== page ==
Voter Suppression

Combating Voter Suppression

Although the US follows a democratic system, with voters given protection and equal rights in the electoral process, there are many intrinsic voter suppression practices going in the country, some are hidden and some are blatant.

For example, women did not have voting rights until 100 years ago, when Women's Suffrage Movement fought for women's rights to vote. African Americans did not have voting rights until 1965 when the Civil Rights Movement took place, and the Voting Rights Act finally passed in the US Congress. Chinese Americans are still suffering from the consequences of the "Chinese Exclusion Act", that was made to suppress one group of people in particularly.

CAVA recommend reading about the article of "Voter Suppression" from America's most well-known civil rights protection organization, American Civil Liberties Union or ACLU, and educate ourselves about how voter suppression is used to suppress the voices and votes especially of minority, immigrants, and vulnerable communities, including the Chinese Americans.

In case you run into voter suppression, intimation, obstruction, unfair treatments, etc, record it directly on your phone, take photos, videos, voice recording, and report to your local election offices, voter protection agencies, voter protection hotlines, or other civil rights organizations.

You can also directly post on social media and find groups that support this effort. Your legal rights to vote needs to be protected. Plan to vote earlier and vote in a safe way, is another way you can protect your vote and make sure your vote gets counted.

Common tactics and practices

Drawing and redrawing electoral districts to specifically suppress and cut off the votes and rights of certain groups of people, especially the colored people, the poor, and under-privileged.

The US Electoral College system, which is used to elect US President and Vice President, based on electoral votes, rather than popular votes, is actually a voter suppression machine that gives more influence to swing states, and suppress votes from other large states such as California, New York, Texas, etc.

-Lack of voter information and civic education

Many immigrants who come to the US are not given adequate education and access to the electoral process and basic civic education opportunity. Often such information is hidden or scattered, and not written in the language of the immigrant communities. The very reason why CAVA was set up and has developed this website, is in fact, an effort to bring such information together and help our voters understand the election better.

-Money and politics

American elections are expensive, time consuming, and labor intensive. Every year, billions of dollars are spent to run these election campaigns, which drain the energy of the candidates, the voters, and resources of the entire society. Without money, hardly any candidates can win in any election. The basic fact that American politics have become tied up with big money especially special interests is a major challenge and blockage to a true democratic system which gives equal protection and rights to common voters and ordinary citizens.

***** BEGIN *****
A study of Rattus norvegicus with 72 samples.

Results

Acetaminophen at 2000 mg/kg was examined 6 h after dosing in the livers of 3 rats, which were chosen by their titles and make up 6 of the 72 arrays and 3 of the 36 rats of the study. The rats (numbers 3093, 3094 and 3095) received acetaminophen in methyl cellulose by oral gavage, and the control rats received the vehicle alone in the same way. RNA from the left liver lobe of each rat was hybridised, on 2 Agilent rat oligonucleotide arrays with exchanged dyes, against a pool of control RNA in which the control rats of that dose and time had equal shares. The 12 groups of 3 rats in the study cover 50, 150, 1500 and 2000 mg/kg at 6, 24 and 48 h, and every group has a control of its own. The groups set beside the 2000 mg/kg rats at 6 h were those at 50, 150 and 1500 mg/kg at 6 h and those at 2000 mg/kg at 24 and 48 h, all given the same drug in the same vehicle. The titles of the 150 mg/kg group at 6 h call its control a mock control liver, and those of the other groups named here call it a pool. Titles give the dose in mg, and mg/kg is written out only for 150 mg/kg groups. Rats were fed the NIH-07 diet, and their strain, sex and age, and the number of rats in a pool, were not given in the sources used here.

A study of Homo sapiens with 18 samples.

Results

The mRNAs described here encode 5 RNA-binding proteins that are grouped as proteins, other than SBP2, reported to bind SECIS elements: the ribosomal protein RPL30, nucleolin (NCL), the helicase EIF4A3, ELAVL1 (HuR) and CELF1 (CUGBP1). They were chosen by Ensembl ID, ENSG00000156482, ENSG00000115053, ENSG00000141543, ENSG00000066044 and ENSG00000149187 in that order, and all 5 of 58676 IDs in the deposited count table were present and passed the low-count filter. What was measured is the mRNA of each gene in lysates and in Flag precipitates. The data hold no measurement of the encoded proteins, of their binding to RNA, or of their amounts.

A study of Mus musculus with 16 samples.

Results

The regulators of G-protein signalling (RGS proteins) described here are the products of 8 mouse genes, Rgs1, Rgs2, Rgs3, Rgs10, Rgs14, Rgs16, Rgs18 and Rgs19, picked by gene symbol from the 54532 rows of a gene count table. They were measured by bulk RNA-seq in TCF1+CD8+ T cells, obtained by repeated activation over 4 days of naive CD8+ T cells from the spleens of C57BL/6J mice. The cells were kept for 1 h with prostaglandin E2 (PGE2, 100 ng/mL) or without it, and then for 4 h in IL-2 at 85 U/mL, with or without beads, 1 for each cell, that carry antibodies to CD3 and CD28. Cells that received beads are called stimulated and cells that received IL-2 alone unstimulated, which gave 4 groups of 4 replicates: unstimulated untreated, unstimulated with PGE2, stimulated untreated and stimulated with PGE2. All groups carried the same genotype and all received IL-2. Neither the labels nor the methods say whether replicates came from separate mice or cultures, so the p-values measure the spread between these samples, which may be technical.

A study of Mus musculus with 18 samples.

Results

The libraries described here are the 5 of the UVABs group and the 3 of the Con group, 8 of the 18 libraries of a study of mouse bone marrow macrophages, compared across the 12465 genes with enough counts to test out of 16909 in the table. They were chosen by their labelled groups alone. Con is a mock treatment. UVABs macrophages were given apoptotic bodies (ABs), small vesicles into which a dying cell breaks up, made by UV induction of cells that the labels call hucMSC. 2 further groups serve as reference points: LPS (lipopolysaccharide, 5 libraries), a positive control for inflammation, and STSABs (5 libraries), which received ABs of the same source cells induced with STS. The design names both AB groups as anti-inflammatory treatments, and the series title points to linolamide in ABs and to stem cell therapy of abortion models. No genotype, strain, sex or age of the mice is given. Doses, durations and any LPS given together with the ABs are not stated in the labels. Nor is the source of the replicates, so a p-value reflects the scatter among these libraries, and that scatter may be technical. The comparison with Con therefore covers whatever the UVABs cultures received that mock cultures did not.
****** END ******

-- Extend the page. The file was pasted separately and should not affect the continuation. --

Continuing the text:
-Disfranchise Voters

In America, more than 30% of the eligible adults are not registered to vote, and more than 20% registered voters are not participating even in presidential elections. Therefore, the percentage of voting-age adults who participate in the elections is only about 50% (Pew Research Center article). US represents one of the lowest voter turnout ratios among all democratic countries. In certain state and local elections, this voting ratio can be as low as 10% or even 5%.

Many voters feel they are too busy with work, they don't have time to vote, they don't know what is happening, who are the candidates, who represent them. Many of them also feel indifference and disinterest to "dirty politics", "Politics is all bad", "Vote for less of an evil", or "My vote doesn't matter at all", etc, etc.

These are classic examples of Voter Suppression that makes people feel they no longer has anything to do with the democratic system and they want to stay away from elections. Disfranchising common voters from elections and favoring only certain interest groups to vote are what have been happening in the US.

-Scare Tactics

Scare tactics are commonly used to scare voters away, making them feel afraid to vote or their votes may face punitive consequences. This happens very common among immigrant communities, such as Chinese Americans, many of them come from countries with suppressive or authoritative governments.

A common FAQ by such immigrant voter is "Will the government know who I voted for?", or "Do they have record of me how I voted?" These scare tactics can be implicit or explicit, designed to strip the power of the voters and make them feel unwelcome, disqualified, unworthy or afraid to participate in the electoral process.

In the COVID time, avoiding public health recommendations, purposely making the polling places unsafe, delaying post-office mails, and scaring voters of mail fraud are ways of many scare tactics are used to discourage voters from participation.

-And many others...

We encourage every voter to exercise and protect our voter rights, rather than taking it for granted or are even not get involved. We must educate ourselves in the American electoral process, understand our basic civic duty as an American citizen, and participate in the electoral process. This is the best way to protect our voting rights.